Data is ‘oil of the future,’ Dubai government summit told

Mohamed Al-Gergawi, UAE minister for cabinet affairs and the future
Updated 11 February 2018

DUBAI: Data is the “oil of the future,” Mohammad Al-Gergawi, UAE minister for cabinet affairs and the future, told the opening session of the World Government Summit in Dubai.
A packed audience heard the minister set out the agenda for the three-day event, which has attracted 4,000 leaders from the worlds of business and economic and public policy. Digital communications giants such as Google and Facebook would soon know more about individuals than governments do, Al-Gergawi said.
“By 2045, we will be able to transfer and upload the contents of the human mind to a data center. Governments must be prepared for these coming changes. The aim of this summit is to find answers and set priorities to meet these challenges and opportunities.”
The theme of the summit is “shaping future governments,” and Al-Gergawi detailed the challenges policymakers will face in health, artificial intelligence, crypto currencies and their impact on global finance, climate change and the issues of digital connectivity.
Klaus Schwab, founder and chairman of the World Economic Forum, who also spoke at the opening session, harked back 10 years to the onset of the global financial crisis, which he said threatened a series of other crises in economies, in societies and between generations.
“We avoided a complete breakdown of the financial system, but there was a cost. The world’s debts now add up to 200 per cent of global GDP,” he said.
Schwab said most experts, such as the Organisation for Economic Co-operation and Development and the International Monetary Fund, were forecasting two years of  “sound, comprehensive growth,” but he said financial markets were still addicted to low interest rates and cheap capital.
There were still risks of a social crisis, he said, with levels of inequality and an unfair system of wealth distribution, as well as a generational crisis. “The world’s education systems do not satisfy the requirements of the 21st century.”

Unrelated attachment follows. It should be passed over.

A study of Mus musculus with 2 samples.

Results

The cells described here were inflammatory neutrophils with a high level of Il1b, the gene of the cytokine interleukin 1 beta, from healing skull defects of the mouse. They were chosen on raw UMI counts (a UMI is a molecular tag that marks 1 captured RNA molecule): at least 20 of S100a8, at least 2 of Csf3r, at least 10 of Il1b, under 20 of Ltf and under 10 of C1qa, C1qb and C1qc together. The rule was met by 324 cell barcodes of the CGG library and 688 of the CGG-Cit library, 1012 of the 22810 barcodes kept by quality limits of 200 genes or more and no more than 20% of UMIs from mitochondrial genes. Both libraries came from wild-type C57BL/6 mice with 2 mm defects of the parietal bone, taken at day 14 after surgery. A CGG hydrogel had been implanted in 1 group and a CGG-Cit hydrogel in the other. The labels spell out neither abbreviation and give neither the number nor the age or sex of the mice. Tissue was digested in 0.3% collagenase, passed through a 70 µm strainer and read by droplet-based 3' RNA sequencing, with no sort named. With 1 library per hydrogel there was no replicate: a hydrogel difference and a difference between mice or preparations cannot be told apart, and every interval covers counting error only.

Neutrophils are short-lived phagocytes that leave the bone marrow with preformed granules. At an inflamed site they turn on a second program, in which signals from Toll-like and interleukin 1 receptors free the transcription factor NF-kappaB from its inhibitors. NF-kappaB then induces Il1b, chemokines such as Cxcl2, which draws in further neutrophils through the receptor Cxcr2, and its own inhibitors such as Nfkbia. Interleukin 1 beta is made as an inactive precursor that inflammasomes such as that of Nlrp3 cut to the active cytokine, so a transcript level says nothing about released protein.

He highlighted global risks such as geopolitical issues, inequality, cybersecurity, gender parity and failures of leadership.
The pace of technological change was increasing all the time and adding to the pressures on policymakers, Schwab said. “Never before has the speed of change been so fast as in 2018. But also, never again will the speed of change be so slow as it is in 2018.”


Bahrain LNG terminal to start commercial operations in May

Updated 25 March 2019

  • Bahrain LNG is the developer of the receiving and regasification terminal within the Khalifa bin Salman Port facility in Hidd

DUBAI: Bahrain’s liquefied natural gas (LNG) terminal will start commercial operations in May, with the first LNG shipment to be imported mostly from the UAE’s ADNOC, state media quoted the CEO of Bahrain’s National Oil and Gas Authority (NOGA) as saying.
Bahrain LNG is the developer of the receiving and regasification terminal within the Khalifa bin Salman Port facility in Hidd, Bahrain, Bahrain LNG’s website says.
The terminal also houses an offshore LNG receiving jetty and breakwater, a regasification platform, subsea gas pipelines from the platform to shore, an onshore gas receiving facility, and an onshore nitrogen production facility, according to the website.
Bahrain’s first LNG floating storage unit is anchored in the United Arab Emirates’ Fujairah port, Refinitiv Eikon data shows.
The storage unit is expected to arrive at the Hidd terminal in May, Bahrain News Agency quoted NOGA chief executive Jassem al Shirawi as saying on Monday.
The report did not specify the overall shipment amount, a small part of which Chevron will deliver later.
The terminal is more than 98 percent ready and the trial period will last only a few weeks, he told the news agency.
“Bahrain has signed agreements with more than 25 companies and gas-producing countries from around the world to import LNG,” al Shirawi was quoted as saying.
The LNG import terminal, with a capacity of 800 million cubic feet per day, will allow Bahrain to import the super-chilled fuel as demand grows for natural gas to feed large industrial projects, generate power and produce oil.